Symptoms, transmission, and current treatments for sleeping sickness
What is sleeping sickness?
Sleeping sickness, or human African trypanosomiasis, is a life-threatening disease caused by related parasite strains, Trypanosoma brucei gambiense and Trypanosoma brucei rhodesiense, transmitted by the tsetse fly.
People with early stage sleeping sickness often are not diagnosed. If not treated, the parasite crosses the blood-brain barrier and invades the central nervous system causing advanced stage sleeping sickness. During this stage, people develop neuropsychiatric symptoms such as sleep disruption, confusion, lethargy, and convulsions. If left untreated, sleeping sickness is usually fatal.
What is the impact of sleeping sickness?
- 3 million people live in areas at moderate to very high risk
- 20% of infections are in children
- Fewer than 750 cases of the T.b. gambiense strain diagnosed in 2021, down from over 38,000 in 1998.
- Historically, deadly epidemics followed periods where disease seemed controlled
- Tsetse flies are present in 36 African countries
- gambiense sleeping sickness (93% of cases) has been reported in 15 countries in western and central Africa since 2000
- rhodesiense sleeping sickness has been reported in 7 countries in eastern and southern Africa since 2000
- 61% of sleeping sickness cases in the last five years were reported in DRC
What are current treatments for sleeping sickness?
For decades, treatment for sleeping sickness was complex, difficult to administer, and even toxic. The only treatment available was melarsoprol – a drug developed in the 1940s. Derived from arsenic, it was so toxic that it killed one in 20 patients.
In 2009, DNDi and partners introduced NECT, a safer combination treatment consisting of pills and 14 intravenous infusions. NECT was provided free of charge by the World Health Organization (WHO) in all 13 countries with recent sleeping sickness cases thanks to drug donations from Sanofi and Bayer.
However, NECT still required administration by trained staff in specialized hospitals, presenting serious challenges for patients and health systems in resource-constrained settings. DNDi continued efforts to develop simpler treatments with entirely new medicines that could be provided at the primary health care level.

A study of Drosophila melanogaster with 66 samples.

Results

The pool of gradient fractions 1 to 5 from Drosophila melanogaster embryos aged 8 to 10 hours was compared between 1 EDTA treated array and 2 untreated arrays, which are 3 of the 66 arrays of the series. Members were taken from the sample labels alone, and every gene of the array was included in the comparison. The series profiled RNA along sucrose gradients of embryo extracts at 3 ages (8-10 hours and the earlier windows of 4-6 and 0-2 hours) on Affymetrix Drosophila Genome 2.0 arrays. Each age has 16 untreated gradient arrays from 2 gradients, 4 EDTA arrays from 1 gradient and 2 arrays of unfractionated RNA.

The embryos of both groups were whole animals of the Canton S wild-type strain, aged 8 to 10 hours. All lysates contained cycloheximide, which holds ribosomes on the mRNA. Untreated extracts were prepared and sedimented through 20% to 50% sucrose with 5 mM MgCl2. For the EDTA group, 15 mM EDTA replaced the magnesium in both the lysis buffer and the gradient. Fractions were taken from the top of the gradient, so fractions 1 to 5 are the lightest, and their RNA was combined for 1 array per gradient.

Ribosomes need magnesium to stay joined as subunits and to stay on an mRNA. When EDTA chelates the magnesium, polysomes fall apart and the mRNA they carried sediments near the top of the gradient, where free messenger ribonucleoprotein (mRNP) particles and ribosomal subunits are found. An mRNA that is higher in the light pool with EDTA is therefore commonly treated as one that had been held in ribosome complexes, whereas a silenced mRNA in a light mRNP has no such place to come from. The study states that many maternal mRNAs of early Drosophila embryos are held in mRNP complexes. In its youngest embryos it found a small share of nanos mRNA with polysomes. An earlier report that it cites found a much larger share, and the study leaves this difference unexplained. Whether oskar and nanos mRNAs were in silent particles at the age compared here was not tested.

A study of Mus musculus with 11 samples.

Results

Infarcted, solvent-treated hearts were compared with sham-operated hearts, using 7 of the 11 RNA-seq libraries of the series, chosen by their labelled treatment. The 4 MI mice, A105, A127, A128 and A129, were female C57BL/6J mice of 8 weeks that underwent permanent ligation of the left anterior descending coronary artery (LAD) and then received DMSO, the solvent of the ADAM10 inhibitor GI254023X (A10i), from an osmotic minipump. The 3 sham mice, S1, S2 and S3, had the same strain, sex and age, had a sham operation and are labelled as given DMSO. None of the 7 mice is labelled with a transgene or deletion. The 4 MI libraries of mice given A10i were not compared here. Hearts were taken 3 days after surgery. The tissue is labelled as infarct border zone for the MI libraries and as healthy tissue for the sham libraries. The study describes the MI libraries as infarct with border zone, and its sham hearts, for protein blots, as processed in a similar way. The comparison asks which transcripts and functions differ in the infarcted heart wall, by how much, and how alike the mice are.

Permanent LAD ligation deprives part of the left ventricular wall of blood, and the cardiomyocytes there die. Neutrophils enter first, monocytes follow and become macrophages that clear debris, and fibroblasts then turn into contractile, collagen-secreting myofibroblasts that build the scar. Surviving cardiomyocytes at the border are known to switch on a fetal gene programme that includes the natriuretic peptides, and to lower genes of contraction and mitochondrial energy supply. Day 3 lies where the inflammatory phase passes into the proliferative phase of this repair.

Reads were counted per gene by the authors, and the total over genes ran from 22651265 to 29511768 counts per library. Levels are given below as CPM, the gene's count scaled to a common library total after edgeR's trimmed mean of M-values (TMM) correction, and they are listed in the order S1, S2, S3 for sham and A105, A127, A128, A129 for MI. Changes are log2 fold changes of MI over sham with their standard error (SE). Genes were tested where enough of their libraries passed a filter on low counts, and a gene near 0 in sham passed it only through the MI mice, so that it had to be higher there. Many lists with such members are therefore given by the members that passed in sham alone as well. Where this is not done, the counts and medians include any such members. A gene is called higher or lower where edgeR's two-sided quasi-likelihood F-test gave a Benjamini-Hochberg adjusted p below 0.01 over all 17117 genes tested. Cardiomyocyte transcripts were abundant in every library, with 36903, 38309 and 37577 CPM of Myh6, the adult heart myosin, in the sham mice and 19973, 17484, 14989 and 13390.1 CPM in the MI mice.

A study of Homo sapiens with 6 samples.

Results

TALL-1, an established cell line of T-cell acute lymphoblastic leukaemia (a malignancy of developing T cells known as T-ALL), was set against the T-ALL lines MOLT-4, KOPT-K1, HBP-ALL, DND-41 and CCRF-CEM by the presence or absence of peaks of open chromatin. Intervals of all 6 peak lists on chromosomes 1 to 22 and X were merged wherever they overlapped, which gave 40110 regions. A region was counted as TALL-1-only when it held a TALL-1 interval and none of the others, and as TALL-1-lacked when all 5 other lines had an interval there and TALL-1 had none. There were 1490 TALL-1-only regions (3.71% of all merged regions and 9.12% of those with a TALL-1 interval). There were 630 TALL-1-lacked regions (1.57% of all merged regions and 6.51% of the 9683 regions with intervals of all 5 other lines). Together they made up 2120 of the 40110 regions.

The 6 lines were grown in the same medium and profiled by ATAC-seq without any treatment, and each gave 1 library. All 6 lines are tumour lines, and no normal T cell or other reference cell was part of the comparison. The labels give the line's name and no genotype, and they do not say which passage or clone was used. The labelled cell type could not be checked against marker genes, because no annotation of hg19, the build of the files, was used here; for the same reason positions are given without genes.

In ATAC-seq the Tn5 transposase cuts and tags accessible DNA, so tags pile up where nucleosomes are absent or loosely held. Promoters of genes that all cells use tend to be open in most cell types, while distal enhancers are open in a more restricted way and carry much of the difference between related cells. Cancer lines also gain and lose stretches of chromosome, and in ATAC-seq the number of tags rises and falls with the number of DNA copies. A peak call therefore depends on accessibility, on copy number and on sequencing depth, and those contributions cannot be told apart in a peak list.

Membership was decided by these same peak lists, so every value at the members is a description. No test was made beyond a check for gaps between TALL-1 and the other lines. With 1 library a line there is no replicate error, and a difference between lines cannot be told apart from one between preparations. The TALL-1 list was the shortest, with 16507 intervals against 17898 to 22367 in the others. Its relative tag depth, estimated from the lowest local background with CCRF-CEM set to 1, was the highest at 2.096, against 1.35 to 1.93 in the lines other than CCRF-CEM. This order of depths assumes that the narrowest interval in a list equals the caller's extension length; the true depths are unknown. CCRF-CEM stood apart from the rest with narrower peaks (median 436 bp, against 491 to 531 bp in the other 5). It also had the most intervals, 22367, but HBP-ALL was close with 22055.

At the end of 2018, the European Medicines Agency issued a positive scientific opinion on the use of fexinidazole for the treatment of both stages of T.b. gambiense sleeping sickness. Developed by DNDi and partners, the first ever all-oral treatment was soon approved for use in the Democratic Republic of the Congo and other affected countries. The simple oral cure is now provided free of charge by Sanofi to the WHO for distribution to all affected countries.
What new treatments for sleeping sickness are needed?
WHO has set the target of eliminating sleeping sickness as a public health problem by 2020 and interruption of transmission (zero cases) by 2030. In order to maintain the current low levels of disease and reach the elimination target, a safe, effective, short-course oral treatment suitable for use in remote settings is needed.
What sleeping sickness treatments are we working on?
We aim to deliver new oral treatments to cure sleeping sickness to support the sustainable elimination of the disease. In addition to developing the first all-oral treatment for sleeping sickness, we are working on acoziborole, a new single-dose oral drug that could be a critical tool for sustainable elimination.
Find out about our work developing treatments for sleeping sickness
How do you get sleeping sickness?
- Insect bites: the parasites that cause sleeping sickness can be transmitted by the bite of infected tsetse flies
- Mother-to-child transmission
- Sexual contact
What are the symptoms of sleeping sickness?
- non-specific symptoms such as fever and weakness
- a person can be infected for months or even years without major signs or symptoms of the disease
- neurological and psychiatric symptoms such as confusion, lethargy, and convulsions
- if left untreated, usually fatal
How is sleeping sickness diagnosed?
Diagnosing sleeping sickness involves invasive tests to confirm a positive result by the rapid diagnostic tests used for community screening. Diagnosis requires confirming the presence of the parasite in any body fluid, usually in the blood and lymph system through a microscope. Painful lumbar punctures are used to detect the parasite in spinal fluid, which indicates the advanced stage of the disease.
The new treatment fexinidazole could potentially reduce the number of lumbar punctures because it can be used to treat both stages of gambiense sleeping sickness.
Last updated: May 2023
Get our latest news, personal stories, research articles, and job opportunities.